In the battle for investors’ hearts and minds, an IPO price range tends to reflect a subtle balance between what a company thinks it can realistically get away with on one hand, and what it needs to do to generate near-term gains on the other.
As such it is worth noting that first-quarter biotech flotations suggest that this gap might be narrowing. As EP Vantage data reveal, companies are able to take less severe haircuts to their IPO price ranges than normal – something perhaps driven by growing evidence of strong post-float price performances (see tables below).
That said, it is impossible to ignore the recent biotech market correction, and most of the companies that floated in March posted healthy initial gains but now stand in negative territory. Since the natural tendency is for perception to run ahead of reality, it is likely that larger price haircuts might soon become the norm again.
|Nasdaq premium/(discount) to IPO price range|
|Full year 2012||(24%)|
|Full year 2013||(15%)|
Looking solely at Nasdaq IPOs, the first quarter’s 8% average discount to price ranges is below the corresponding quarters in 2013 and 2012, and below the average for the whole of last year. That, in turn, is under the 24% haircut that companies had to take on average in 2012.
Clearly bankers seek to maximise IPO gains, and discounts to the proposed offering range are a natural consequence. The first-quarter narrowing of the discount gap thus reflects the speed with which reality is catching up with perception.
The obvious caveat is that the numbers here are relatively small – there were 28 Nasdaq IPOs in the quarter just ended, and just four a year earlier – so it would be foolish to read too much into them. But the surge in investor enthusiasm for biotech flotations is undeniable, and strong post-IPO performances have in turn stoked demand for more flotations.
Of the last quarter’s new entrants alone, the aesthetic dermatology company Revance Therapeutics is up 101% relative to its IPO price, the carbohydrate specialist Glycomimetics has put on 105%, and Auspex Pharmaceuticals, which has a CNS focus, has climbed 150%.
The best performer of the lot is Ultragenyx Pharmaceuticals, a company targeting rare and ultra-rare diseases – a particularly hot area for biotech investors. Since debuting at the end of January Ultragenyx stock has climbed 153%; the group floated at $21.00 per share, and on its first day of trading its stock closed at $42.25.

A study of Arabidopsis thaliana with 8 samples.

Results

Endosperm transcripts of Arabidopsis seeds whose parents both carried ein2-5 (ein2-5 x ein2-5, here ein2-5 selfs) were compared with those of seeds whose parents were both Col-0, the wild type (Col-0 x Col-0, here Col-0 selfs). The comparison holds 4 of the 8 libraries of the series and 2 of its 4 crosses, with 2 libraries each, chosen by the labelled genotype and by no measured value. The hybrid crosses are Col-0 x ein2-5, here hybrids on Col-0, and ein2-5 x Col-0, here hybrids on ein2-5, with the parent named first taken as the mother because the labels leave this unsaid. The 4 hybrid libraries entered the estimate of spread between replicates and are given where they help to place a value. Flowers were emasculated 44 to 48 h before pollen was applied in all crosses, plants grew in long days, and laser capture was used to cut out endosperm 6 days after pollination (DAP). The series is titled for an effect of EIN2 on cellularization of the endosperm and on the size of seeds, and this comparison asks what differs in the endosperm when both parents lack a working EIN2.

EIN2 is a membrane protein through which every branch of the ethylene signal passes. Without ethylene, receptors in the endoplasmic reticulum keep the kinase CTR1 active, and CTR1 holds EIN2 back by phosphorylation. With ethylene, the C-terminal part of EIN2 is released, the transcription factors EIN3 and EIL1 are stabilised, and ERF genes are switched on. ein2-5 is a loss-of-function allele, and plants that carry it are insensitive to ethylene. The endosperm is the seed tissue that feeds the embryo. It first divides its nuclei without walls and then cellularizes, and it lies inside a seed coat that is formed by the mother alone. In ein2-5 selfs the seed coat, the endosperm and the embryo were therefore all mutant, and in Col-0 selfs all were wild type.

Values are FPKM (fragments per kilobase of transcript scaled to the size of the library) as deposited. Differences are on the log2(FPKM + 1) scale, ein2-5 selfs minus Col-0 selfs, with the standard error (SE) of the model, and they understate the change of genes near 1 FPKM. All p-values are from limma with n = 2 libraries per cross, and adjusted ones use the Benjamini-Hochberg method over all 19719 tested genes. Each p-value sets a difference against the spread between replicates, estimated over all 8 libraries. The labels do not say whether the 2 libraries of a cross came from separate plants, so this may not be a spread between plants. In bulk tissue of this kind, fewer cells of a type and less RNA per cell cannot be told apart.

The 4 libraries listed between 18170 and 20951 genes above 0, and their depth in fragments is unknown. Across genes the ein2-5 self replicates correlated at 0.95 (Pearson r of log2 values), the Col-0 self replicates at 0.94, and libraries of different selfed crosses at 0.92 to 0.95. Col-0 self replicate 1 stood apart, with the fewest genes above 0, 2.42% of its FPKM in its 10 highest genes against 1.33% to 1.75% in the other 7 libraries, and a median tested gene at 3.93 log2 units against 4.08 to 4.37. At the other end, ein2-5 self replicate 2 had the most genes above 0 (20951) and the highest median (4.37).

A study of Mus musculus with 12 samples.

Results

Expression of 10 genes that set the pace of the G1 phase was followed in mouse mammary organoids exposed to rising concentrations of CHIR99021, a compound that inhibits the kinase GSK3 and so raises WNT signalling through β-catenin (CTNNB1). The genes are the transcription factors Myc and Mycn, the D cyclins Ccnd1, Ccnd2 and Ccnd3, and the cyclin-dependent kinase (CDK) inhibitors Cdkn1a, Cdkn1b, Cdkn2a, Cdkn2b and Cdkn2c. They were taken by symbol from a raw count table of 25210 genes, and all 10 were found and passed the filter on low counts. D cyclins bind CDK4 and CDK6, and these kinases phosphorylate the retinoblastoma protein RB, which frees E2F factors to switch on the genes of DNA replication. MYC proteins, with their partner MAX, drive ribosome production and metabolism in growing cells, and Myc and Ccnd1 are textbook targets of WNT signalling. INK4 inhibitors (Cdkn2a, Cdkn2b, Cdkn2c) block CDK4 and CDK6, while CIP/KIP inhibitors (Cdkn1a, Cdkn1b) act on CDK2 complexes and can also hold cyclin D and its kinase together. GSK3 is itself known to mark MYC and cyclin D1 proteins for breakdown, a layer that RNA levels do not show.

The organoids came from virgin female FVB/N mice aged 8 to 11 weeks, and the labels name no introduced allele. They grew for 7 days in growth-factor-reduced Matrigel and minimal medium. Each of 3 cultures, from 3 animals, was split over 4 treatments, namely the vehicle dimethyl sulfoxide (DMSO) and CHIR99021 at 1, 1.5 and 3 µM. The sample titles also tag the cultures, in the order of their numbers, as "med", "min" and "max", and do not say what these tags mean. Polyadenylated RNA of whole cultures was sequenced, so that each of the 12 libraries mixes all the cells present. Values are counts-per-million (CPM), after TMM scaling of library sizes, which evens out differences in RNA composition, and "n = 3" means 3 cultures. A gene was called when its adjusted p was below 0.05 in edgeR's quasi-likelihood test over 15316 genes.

The worst-performing IPO, meanwhile, is Nephrogenex, a one-project company developing pyridoxamine for kidney diseases, whose stock closed yesterday 39% off its February offer price.
Also notable is Dicerna Pharmaceuticals, which floated above its price range and surged initially, but has lost 22% in the past week. As an RNA interference player, Dicerna is subject to the drastic swings in investor perception that have seen a recent selloff in other RNAi stocks including Arrowhead Research, Tekmira and Alnylam.
This pullback in high-risk, early-stage stocks is largely the result of the recent Congressional challenge to the price of Gilead’s hepatitis C pill Sovaldi, which has prompted broader concerns about drug pricing (Biotech’s record-breaking quarter shines spotlight on sustainability, April 1, 2014).
Sander Slootweg, managing partner with the Netherlands-based venture fund Forbion Capital Partners, reckons this is largely a hepatitis C-specific issue, given that many patients here are uninsured, putting direct pressure on government to foot a potentially huge bill. But he says investors are becoming much more selective generally, and admits that there is a risk that the IPO window “may completely close”.
Among the March IPO entrants, for instance, Dipexium Pharmaceuticals, Galmed, Recro Pharma and Ignyta saw healthy first-day gains but now stand in the red. The sustainability of IPO sentiment is one of the great unknowns of the current biotech market, and a sharp reassessment of the reality/perception equation might be needed to get further floats away.
This story has been amended to correct the share price movement of Concert Pharmaceuticals.